The 33-3 vote took place during Wednesday’s amendment process on House Bill 62, legislation that would reduce the required number of witnesses to solemnize a marriage from two to one. Proponents of the change said it was outdated and that the state should no longer condone the practice.
“This is one of the most significant things we can do as a legislative body this session,” said Rep. Sara Rasmussen, who proposed the amendment with backing that spanned the political spectrum. “I think about 14-year-olds. They’re freshmen in high school, they are children. … To rob them of a future is wrong.”
Current law allows 14- and 15-year-olds to be married with court approval. Minors ages 16 and up can still get married with parental approval, which was not affected by the amendment.
Data on the number of such marriages in Alaska is not readily available, but it was rare the last time there was attention on the issue. When former Anchorage Sen. Berta Gardner in 2018 proposed raising the minimum age of marriage to 18, she cited state data there were four marriages involving an individual under the age of 15 between 2006 and 2015. Most were with someone in their late 20s. During the same reporting period, Gardner said that there were 12 divorces involving children, including one where the spouse was older than 55.
Her work on that legislation was cited by Rasmussen during the debate on the amendment, who added that she was concerned that such marriages would deprive children of a good education.
The fiercest support came from deeply conservative Rep. Sarah Vance, R-Homer. Vance, whose children were serving as guest pages for the day, said that while such marriages may have made sense and been successful in the past, they were not anymore.
“I know this amendment creates a lot of consternation in the faith-based community, but I signed my name to this because I want us to look at the implications of our consent as a legislative body to 14- and 15-year-olds’ ability to get married,” she said, noting that her mother was 17 when she was married her father. “Teen marriages can be highly successful, but I also recognize that our generations have changed.”
She acknowledged that child marriages are typically the result of pregnancies and said she’s been approached by some in her community in such a situation—the situation being pregnant at 14 or 15—but said in many of those cases “Marriage was not the best solution.” She noted that the state’s age of consent is 16 and said it “seemed inconsistent” for the state to say 14- and 15-year-olds can’t consent to sex but can get married.
“We are supposed to be the guiding body that talks about what we feel is appropriate for Alaskans, legally. That’s why I rise in support of this amendment because I do not feel that children of the age of 14 and 15 should be getting married in today’s society with our approval,” she said. “Whatever circumstance they could be in that they feel marriage is the solution, I believe could wait until they are 16 when they are of legal age of consent.”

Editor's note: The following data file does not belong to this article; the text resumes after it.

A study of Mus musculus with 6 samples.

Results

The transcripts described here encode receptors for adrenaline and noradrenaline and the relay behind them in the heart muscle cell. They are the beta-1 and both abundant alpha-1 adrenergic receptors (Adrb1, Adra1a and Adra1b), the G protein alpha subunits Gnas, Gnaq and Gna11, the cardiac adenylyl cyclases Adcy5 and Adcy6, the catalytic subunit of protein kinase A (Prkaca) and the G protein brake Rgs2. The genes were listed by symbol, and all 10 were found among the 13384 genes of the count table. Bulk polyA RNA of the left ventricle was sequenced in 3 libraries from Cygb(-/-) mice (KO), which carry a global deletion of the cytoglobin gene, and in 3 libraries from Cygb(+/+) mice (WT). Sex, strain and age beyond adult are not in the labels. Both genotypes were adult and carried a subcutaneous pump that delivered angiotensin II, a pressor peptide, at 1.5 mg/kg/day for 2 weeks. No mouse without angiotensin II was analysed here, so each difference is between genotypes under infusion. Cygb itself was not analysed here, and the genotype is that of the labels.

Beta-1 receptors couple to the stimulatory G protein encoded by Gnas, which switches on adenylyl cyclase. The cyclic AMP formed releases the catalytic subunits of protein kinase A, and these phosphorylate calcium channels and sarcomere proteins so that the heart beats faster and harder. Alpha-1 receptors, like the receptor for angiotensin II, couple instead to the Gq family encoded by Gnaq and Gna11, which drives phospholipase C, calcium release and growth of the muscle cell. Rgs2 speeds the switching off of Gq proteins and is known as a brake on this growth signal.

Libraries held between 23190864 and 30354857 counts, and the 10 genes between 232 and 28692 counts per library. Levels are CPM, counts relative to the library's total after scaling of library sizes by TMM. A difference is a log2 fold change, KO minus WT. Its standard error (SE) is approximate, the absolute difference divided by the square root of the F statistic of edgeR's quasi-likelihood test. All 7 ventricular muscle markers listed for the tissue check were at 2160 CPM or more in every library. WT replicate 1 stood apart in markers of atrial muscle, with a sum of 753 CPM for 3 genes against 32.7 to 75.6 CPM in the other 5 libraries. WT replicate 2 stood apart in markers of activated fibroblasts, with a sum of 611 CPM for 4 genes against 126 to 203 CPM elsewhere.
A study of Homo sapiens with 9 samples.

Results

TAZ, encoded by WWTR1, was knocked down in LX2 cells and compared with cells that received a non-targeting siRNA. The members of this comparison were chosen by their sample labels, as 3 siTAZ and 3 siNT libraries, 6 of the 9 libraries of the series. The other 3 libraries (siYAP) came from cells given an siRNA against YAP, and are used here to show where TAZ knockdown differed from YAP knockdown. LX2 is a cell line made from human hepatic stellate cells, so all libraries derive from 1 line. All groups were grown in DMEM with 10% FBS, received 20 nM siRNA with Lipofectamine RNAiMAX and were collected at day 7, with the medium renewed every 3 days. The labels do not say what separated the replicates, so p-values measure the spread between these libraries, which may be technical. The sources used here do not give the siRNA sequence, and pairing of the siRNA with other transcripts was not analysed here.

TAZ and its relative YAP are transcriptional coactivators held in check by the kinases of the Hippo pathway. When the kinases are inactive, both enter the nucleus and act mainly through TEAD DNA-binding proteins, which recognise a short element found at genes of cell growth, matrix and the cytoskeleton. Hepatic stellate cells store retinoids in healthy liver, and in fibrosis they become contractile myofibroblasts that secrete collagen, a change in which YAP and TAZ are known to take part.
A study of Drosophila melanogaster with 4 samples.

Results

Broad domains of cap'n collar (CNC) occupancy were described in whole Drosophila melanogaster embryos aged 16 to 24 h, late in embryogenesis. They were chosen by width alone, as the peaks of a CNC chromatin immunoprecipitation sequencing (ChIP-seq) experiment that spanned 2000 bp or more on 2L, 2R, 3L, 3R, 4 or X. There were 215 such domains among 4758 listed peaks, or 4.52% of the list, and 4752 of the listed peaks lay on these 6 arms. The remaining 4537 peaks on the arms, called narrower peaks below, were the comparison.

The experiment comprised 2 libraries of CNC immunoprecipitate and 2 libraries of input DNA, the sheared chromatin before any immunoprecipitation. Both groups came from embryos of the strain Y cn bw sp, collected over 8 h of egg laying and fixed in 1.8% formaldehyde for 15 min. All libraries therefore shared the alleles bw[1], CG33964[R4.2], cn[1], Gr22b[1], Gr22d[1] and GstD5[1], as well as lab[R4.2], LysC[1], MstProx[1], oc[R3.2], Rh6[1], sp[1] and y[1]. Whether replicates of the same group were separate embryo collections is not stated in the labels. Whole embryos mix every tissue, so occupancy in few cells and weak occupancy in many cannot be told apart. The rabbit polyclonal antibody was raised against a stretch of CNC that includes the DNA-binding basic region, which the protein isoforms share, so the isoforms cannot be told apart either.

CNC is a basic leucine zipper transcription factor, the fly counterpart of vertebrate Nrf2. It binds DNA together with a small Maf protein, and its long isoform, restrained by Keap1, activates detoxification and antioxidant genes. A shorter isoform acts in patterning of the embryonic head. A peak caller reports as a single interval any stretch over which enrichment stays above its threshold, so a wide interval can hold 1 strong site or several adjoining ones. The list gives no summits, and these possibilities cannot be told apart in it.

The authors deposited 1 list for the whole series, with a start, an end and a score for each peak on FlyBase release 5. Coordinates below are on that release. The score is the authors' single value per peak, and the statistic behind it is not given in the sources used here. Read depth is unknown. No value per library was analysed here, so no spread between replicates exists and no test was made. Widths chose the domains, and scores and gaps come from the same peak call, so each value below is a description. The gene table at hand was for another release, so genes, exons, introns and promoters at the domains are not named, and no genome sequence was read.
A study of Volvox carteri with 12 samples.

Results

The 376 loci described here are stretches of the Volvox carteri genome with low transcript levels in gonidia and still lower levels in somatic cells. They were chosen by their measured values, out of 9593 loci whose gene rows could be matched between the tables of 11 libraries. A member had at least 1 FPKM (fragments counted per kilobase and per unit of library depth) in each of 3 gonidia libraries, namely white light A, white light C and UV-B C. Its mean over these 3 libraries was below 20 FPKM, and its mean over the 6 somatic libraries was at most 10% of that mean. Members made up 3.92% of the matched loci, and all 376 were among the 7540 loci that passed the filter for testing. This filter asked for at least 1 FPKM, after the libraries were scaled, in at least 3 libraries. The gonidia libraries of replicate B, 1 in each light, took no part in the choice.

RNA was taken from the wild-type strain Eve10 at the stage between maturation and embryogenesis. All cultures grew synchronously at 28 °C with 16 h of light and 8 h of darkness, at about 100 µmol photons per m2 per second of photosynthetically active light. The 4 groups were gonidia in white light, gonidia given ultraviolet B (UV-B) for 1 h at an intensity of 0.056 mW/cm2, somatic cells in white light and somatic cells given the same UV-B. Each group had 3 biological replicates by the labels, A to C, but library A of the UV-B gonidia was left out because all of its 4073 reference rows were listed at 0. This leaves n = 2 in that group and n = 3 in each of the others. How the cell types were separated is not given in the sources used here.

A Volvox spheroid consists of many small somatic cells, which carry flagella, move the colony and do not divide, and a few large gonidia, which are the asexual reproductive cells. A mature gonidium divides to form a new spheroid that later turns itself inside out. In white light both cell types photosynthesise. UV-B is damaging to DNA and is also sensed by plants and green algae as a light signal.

The measure ran into opposition from Reps. David Eastman, R-Wasilla; Christopher Kurka, the Wasilla Republican who’s running for governor; and DeLena Johnson, R-Palmer.
Eastman said the change wouldn’t stop anything and people planning on marrying children could simply go to another state where it’s legal: “If we eliminate that process, what are those in those situations going to do?” he asked. “I don’t think changing this law is actually going to improve anything.”
Kurka said it was a one-size-fits-all solution that didn’t fit all sizes. Johnson argued that there’s been no outpouring of opposition to child marriages in her community but was critical of efforts to provide minors contraceptives.
“I don’t want to sound like the person who is supporting child marriages and so on as if we’re talking about human trafficking, which we are not and I don’t believe that’s the intent of the statute,” she said. “I just want to say on the record that my mom was married at the age of 14 and was married to my father for many, many years until he passed away. They would’ve had a number of children who would’ve been illegitimate if they had not been able to marry. Times changed, maybe, but people haven’t. … Sometimes people become adults at a young age.”
The amendment passed 33-3 with those three being the only opponents. The House also rejected several other amendments to the legislation, which were almost all entirely sponsored by Eastman.
The overall legislation is scheduled to be taken up in a full debate during the Friday floor session. It would still have to clear the Senate and be signed by the governor to become law.